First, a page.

The Lunar Environment is a harsh environment with extreme temperature differences.  In the dark, the Moon's surface temperature falls to 70 Kelvins, while in the sun, the surface heats up to 230 Kelvins.  Trace amounts of water vapor have been found, possibly from the water ice undergoing sublimation.  Besides small amounts of various gases, the atmosphere of the moon is almost a vacuum; its entire atmosphere weighs approx. less than 10 metric tons.  

The soil of the Moon is sand - like;  much of this "sand" is comprised of silicon dioxide.  This compound is highly compacted on the Moon.  After this layer of sediment, layers of bedrock can be found for several kilometers.  

A unique property of the Moon is that there is a pattern of 2 weeks of sunlight followed by 2 weeks of nighttime.  It is imperative that a rover sent to the Moon must cope with this strange pattern.  

NASA's early exploration of the Moon began with the Mariner and the Ranger probes.  While the Mariners were only observers (i.e. space probes that orbited around the Moon while sending back snapshots of the surface), the Rangers were sent to crash into the Lunar surface while taking the first close-up pictures of the surface.  After the famed Apollo Missions of the late 1960's to early 1970's, there has been no new missions to the Moon.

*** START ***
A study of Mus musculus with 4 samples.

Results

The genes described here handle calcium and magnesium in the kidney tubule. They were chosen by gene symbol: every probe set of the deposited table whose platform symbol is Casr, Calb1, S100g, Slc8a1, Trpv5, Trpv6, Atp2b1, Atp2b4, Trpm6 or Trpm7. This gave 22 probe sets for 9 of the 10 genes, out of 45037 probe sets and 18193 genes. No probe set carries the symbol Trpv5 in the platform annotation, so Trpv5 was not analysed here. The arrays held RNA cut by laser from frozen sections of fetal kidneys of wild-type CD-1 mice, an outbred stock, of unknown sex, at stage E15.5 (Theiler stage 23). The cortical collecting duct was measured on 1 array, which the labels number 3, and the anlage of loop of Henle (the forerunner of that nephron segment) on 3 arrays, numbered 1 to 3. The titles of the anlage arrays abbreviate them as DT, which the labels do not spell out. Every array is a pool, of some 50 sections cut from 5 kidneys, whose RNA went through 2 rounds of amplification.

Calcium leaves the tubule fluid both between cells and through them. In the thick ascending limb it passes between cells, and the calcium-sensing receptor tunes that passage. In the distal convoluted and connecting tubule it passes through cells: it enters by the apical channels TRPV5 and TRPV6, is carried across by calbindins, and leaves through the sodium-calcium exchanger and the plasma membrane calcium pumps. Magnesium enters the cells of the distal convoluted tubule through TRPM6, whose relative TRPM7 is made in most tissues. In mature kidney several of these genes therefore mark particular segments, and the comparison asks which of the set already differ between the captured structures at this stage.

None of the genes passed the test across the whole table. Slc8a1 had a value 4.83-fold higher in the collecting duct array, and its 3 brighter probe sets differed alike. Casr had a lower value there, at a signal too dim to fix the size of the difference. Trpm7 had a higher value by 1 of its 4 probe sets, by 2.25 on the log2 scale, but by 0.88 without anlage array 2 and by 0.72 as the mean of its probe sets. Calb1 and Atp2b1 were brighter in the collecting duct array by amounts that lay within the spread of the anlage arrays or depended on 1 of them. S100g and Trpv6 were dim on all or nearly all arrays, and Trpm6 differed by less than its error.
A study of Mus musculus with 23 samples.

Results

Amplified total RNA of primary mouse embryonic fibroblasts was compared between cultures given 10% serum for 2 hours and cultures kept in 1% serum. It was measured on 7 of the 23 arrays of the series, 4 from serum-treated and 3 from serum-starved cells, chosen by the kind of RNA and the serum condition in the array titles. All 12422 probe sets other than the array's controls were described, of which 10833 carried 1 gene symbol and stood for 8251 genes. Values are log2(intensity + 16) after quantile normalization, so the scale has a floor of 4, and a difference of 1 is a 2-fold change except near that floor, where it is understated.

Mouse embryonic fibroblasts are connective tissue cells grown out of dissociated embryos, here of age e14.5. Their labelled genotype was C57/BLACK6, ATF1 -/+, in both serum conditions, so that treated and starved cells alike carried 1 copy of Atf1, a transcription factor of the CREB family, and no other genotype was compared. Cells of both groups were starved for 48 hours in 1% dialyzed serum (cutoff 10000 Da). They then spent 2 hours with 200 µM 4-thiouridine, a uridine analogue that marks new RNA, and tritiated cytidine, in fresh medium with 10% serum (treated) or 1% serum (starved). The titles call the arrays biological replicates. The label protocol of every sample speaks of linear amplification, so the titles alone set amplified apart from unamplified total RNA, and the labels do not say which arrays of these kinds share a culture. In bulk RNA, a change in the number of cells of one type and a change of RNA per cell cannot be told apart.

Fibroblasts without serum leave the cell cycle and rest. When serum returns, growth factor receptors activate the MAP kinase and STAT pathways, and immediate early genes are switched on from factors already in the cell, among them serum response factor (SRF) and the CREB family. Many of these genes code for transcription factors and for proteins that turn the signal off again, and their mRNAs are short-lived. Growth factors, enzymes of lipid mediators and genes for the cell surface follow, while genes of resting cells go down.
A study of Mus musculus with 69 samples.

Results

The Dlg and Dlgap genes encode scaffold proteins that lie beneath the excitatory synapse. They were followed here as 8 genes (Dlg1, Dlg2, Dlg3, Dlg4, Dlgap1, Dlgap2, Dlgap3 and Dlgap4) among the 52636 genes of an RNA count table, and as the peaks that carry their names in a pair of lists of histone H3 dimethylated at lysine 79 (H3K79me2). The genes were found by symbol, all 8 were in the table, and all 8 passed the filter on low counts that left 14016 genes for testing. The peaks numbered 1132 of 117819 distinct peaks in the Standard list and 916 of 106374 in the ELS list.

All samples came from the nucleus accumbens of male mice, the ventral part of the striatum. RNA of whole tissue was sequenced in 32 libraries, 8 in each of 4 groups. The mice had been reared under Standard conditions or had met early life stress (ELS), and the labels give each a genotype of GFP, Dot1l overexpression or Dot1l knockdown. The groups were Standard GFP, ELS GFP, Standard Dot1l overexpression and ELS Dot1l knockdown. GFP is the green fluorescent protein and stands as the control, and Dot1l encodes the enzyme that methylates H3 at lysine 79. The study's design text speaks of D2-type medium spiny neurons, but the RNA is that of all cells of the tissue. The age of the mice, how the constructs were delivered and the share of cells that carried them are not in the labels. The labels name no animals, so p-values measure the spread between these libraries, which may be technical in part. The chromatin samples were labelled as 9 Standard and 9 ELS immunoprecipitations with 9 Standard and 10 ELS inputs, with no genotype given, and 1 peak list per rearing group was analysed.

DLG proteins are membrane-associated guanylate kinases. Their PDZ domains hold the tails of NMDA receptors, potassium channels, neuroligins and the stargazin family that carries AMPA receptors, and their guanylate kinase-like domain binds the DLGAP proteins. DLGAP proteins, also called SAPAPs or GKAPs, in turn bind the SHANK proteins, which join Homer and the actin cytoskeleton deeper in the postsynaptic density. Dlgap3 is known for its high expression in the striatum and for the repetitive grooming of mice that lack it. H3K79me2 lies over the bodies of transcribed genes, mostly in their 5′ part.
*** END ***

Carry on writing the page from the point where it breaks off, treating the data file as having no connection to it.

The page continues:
Fun fact: In the Apollo 14 mission, astronaut Alan Sheppard brought golf clubs with him to play a round of Moon golf.  He later was reprimanded for golfing, as the ball may have damaged spacecrafts.

On a closing note, one of the most commonly - known facts of the Moon is that its gravity is 1/6 of that of Earth's.  This means that a lunar rover that weighs 100 lbs. on Earth is only 16 2/3 lbs. on the Moon.  This is an important fact because a rover can carry more weight with the same motors.